Definitely NOT for children-the supernatural fiction of Edith Nesbit
For most readers the name E. Nesbit conjures up the titles of some of the well-known books written for children. ‘The Railway Children’, ‘Five Children & It’ and ‘The Phoenix and the Carpet’, among others, have become enduring favourites, are superlative examples of their genre and have influenced children’s fiction writers for decades. There can be no disputing that Edith Nesbit was a fine author with a talent for storytelling that employed a brilliant economy of phrase, but it is not true that she confined her literary talents to the entertainment of only juvenile readers. Many potential readers may be surprised to learn that Nesbit was responsible for a sizeable cannon of tales of the ghostly and horrific for an unambiguously adult readership.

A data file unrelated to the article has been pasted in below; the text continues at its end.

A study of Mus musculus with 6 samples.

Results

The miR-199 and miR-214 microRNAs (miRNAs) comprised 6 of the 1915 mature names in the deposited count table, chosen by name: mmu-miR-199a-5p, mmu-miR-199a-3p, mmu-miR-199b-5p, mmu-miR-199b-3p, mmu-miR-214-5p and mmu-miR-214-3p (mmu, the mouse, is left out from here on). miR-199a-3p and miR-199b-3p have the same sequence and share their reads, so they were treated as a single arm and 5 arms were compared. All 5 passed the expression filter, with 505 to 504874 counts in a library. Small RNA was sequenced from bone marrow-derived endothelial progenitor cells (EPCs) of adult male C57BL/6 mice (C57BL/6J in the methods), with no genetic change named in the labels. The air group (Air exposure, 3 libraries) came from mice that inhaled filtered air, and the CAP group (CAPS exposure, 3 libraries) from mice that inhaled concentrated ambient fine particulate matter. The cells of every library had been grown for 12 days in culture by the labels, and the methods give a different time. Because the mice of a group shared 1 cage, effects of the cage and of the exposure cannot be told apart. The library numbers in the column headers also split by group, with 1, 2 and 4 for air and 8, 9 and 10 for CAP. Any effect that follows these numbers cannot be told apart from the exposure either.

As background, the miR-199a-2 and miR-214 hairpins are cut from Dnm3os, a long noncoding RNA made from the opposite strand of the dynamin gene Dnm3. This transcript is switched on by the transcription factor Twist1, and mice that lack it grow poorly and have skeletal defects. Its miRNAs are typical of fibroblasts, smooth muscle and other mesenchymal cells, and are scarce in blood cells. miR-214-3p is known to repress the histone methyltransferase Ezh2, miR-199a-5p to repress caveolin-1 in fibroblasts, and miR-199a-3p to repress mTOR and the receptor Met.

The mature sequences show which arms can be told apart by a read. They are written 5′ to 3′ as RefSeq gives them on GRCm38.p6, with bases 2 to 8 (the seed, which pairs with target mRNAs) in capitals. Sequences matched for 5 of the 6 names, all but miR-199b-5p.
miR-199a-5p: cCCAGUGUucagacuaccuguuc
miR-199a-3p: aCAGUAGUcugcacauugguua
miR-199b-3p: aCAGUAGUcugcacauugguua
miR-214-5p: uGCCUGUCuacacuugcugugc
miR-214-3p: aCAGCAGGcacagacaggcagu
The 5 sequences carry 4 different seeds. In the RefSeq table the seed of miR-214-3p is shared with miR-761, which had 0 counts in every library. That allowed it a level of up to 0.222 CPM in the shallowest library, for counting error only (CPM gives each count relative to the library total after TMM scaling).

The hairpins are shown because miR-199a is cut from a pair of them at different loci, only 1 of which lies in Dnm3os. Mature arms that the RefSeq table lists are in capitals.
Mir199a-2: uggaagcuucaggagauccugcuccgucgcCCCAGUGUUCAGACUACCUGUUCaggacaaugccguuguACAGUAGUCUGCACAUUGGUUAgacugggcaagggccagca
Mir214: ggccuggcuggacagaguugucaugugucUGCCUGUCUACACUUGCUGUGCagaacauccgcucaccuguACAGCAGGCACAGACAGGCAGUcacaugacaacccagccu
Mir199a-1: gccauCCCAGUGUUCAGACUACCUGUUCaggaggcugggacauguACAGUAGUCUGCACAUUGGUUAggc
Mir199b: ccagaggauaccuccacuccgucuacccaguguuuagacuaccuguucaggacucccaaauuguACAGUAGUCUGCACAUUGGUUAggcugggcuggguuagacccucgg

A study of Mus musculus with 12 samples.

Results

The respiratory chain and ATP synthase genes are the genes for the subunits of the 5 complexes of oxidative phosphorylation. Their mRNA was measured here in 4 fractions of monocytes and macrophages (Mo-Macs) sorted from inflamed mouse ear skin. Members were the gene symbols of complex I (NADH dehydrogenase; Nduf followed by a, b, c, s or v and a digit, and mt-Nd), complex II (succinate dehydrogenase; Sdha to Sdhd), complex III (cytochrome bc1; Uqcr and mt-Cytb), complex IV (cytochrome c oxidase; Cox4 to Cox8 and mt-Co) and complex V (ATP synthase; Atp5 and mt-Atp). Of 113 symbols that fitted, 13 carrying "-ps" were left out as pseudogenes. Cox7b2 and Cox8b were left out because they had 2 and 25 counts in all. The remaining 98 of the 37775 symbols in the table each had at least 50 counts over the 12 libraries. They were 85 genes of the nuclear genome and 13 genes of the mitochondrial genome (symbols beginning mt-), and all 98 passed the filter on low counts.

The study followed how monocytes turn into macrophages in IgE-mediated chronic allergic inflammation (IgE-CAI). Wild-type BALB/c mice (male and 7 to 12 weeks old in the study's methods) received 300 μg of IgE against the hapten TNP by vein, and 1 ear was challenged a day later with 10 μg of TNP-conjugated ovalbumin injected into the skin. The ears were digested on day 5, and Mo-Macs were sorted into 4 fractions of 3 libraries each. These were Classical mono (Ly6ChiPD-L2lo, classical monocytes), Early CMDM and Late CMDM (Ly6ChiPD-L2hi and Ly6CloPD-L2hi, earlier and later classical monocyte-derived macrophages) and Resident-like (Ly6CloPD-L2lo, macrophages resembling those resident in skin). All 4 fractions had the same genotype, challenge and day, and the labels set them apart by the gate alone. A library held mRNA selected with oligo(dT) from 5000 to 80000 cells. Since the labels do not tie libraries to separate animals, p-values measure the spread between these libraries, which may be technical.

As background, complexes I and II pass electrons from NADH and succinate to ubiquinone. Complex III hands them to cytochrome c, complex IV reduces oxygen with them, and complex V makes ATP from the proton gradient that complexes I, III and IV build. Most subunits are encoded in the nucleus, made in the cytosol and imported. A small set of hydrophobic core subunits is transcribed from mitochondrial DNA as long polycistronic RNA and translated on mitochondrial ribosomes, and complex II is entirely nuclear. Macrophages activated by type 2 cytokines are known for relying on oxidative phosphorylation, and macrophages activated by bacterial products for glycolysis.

This two volume set of E. Nesbit’s supernatural fiction includes, in the first volume, the novel, ‘Dormant’—which was also published under the title ‘Rose Royal’—and eleven short stories including ‘Man-size in Marble’, ‘The Detective’, ‘No. 17’, ‘John Charrington’s Wedding’, ‘The Blue Rose’ and ‘The Haunted House’. The second volume features the novel ‘The House With No Address’—which was also published under the title ‘Salome and the Head’—together with fifteen short stories including ‘The Haunted Inheritance’, ‘The House of Silence’, ‘The Letter in Brown Ink’, ‘The Shadow’, ‘The New Samson’ and ‘The Pavilion’.
Leonaur editions are newly typeset and are not facsimiles; each title is available in softcover and hardback with dustjacket.